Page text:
I was so focused on the man, I didn’t even register that the smaller dog was yapping at me. As I ran around them, it had enough slack in the leash to leap up and bite me on the leg through my capris.
It didn’t hurt much, so I knew it wasn’t a bad bite, but it did startle and infuriate me. I stopped briefly and said to the owner, “Your dog bit me!”
The man, still prone, responded, “Oh.”
It may have been followed by a “Sorry,” but it was the kind of sorry you’d say when brushing by someone in a crowded hallway. And again, I may have supplied the apology in my imagination, because what kind of person doesn’t even say Sorry?
I was so shocked by the bite, and the man’s non-reaction, that I just kept going. I also had a sense that a man who left it at “Oh,” and perhaps “Sorry,” wasn’t a man that a woman wanted to confront on a deserted part of the trail. (This is something many men won’t get, and almost 100% of women will. No, we’re not paranoid.)
A little further down the trail, I inspected the bite. The pants weren’t even torn, but the bite broke the skin. Dammit.
So I went back to see if I could find Oh And Perhaps Sorry Man and find out if the animal had had its rabies vaccine. I’ve been bitten before, lucky me, so I know the drill. I was in high school, riding my bike home from a babysitting job. A dog charged me from behind its house, tearing the skin at my ankle. Thankfully I knew which house it was, and Animal Control did its thing. No problem.
Unfortunately, when I doubled back, Oh Perhaps Sorry Man had left the premises. Of course he did.
It probably would have been fine to leave it alone. Rabies in dogs is exceedingly rare. But as a friend put it, it’s 100% fatal and 100% preventable. I’ve never been a gambling woman, and my life has enough uncertainty as it is.
So as of this morning, I’m one week into a two-week course of post-exposure prophylaxis for rabies.
[Obligatory questions answered: the first treatment involves several needles, but there are no shots in the abdomen, unless that’s where you got bitten. The follow-up shots are singles in the arm, and are no worse than a flu shot. The treatment is expensive, even with insurance. And yes, I could have taken up to 10 days to try and identify the dog and its owner, and animal control can help with that, before starting treatment. But it’s not like I ran past a particular house, or even a small neighborhood park. Riverbend Park is a big place. There was very little chance we’d find this guy.]
I was unpacking all of this to a mentor/friend of mine a few days ago. I laughed a little as I told the story, admitted how hard it had been, but also reflected on some deeper stuff as I moved forward with it. Churn and learn. Grist for the mill. The moral of the story. Three points and a poem.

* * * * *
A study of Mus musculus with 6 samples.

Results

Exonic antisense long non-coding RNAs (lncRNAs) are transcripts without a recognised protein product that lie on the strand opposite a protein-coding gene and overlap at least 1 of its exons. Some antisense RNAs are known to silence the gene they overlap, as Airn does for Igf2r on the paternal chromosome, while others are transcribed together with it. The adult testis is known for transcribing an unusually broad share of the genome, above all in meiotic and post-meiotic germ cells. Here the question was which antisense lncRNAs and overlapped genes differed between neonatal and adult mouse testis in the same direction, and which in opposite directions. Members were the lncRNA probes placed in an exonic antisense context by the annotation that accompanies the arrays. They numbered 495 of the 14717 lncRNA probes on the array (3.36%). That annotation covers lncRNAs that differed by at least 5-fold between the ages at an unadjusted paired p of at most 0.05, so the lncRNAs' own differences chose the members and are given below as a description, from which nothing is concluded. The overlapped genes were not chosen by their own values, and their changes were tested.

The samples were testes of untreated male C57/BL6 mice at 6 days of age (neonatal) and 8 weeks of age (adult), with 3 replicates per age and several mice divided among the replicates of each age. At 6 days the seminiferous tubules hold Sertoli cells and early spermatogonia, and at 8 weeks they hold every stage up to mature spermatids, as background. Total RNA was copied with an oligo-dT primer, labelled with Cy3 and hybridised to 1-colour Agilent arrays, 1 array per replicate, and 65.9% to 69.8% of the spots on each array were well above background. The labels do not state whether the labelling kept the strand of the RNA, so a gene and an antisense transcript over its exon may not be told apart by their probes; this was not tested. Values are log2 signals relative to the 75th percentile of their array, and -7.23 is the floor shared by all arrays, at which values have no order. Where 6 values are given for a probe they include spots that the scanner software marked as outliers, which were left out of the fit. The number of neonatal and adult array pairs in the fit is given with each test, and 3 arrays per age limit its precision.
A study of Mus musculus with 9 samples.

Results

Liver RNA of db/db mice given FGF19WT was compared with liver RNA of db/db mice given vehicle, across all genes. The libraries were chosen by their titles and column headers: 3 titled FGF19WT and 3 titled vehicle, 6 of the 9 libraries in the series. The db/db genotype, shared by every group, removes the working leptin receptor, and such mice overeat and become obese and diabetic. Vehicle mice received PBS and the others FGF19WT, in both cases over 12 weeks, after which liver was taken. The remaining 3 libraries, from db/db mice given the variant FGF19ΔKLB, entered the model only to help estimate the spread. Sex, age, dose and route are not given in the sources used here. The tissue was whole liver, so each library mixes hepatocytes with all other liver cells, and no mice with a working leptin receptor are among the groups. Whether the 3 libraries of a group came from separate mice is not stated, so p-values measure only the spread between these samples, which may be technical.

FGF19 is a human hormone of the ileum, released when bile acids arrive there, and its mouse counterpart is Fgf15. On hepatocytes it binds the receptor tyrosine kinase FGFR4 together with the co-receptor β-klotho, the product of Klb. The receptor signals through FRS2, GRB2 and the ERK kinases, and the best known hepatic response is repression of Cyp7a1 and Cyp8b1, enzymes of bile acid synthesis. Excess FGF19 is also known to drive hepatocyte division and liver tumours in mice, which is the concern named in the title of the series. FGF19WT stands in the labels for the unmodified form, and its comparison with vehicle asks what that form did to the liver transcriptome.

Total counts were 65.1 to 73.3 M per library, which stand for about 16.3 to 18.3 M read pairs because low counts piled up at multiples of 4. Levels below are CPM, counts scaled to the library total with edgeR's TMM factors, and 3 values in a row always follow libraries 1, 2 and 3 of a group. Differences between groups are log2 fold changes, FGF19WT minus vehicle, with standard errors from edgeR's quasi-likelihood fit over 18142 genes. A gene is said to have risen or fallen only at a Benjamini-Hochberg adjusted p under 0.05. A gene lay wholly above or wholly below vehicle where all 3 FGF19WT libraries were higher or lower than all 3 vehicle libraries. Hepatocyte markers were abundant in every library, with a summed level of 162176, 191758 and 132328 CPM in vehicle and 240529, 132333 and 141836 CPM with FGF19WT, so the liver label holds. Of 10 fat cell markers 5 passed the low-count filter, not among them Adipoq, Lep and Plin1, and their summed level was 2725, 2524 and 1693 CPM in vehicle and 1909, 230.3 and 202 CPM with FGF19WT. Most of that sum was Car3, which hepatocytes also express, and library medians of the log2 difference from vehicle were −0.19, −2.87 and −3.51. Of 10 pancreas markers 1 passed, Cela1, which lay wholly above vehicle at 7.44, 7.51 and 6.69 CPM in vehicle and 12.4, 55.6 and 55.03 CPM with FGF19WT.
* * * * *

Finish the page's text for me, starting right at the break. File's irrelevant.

She said, “Yeah… It’s good to reflect and learn and all that, but can we just pause for a minute and sit with the fact that you were assaulted by a dog on the trail, and that now you have to go through this inconvenient and traumatic treatment for it?”
Oh. Yeah. That.
She’s right, of course.
As we approach the one-year anniversary of God, Improv, and the Art of Living, it’s been so fun and gratifying to share that work with groups, and to hear from readers how it’s impacted them. People get the power of Yes-And. It’s how we’re wired—to find the hope and the redemption, to write the next chapter, even mid the most dire of circumstances.
As I write this, Notre Dame Cathedral is still smoldering, and the damage being calculated, as if such a thing could be quantified. Is rebuilding even possible? So much has been lost; I don’t know.
But I do know this. People sang hymns on their knees as Our Lady burned. The people of God will continue to worship; if services were planned there this weekend, those prayers and readings and songs will be shared in other places instead. To say nothing of the members of African-American churches in Louisiana, whose worship spaces were also consumed this week, albeit in the fires of hate and white supremacy. Will those saints sing praise to the resurrection, and life out of death, and love being the last word, this Sunday on Easter? Hell yes they will, because that’s what we do.
All that being said, I always try to offer this caveat to people: Yes-And on stage, in comedy improv, usually comes very fast and furious. But in life, it unfolds more slowly, deliberately, with discernment. And it’s OK to take your time getting to the And—and maybe even awhile accepting the Yes.
It’s OK to sit with the suck for a while.
It’s OK to sleep more than you normally would.
It’s OK to eat the comforting stuff you normally dole out thoughtfully in normal times, because taking care of yourself is always important, but taking care means different things at different moments.
It’s OK to feel sorry for yourself for a while.
And it’s OK to lament. It’s OK to sing hymns on your knees, for a long time perhaps, before taking up the cries of “we will rebuild.”
Yes-And is powerful, but I try to remember to offer that caveat to others… and sometimes I need others to offer it to me. Thank you, M. Message received.
So… yeah. Some day it’ll make a great Moth story or book chapter or article or something. Some day. Or not. But right now… I’m sad. And mad. It’s been an exhausting week.
I’ll Yes-And it, but not yet. And that’s OK.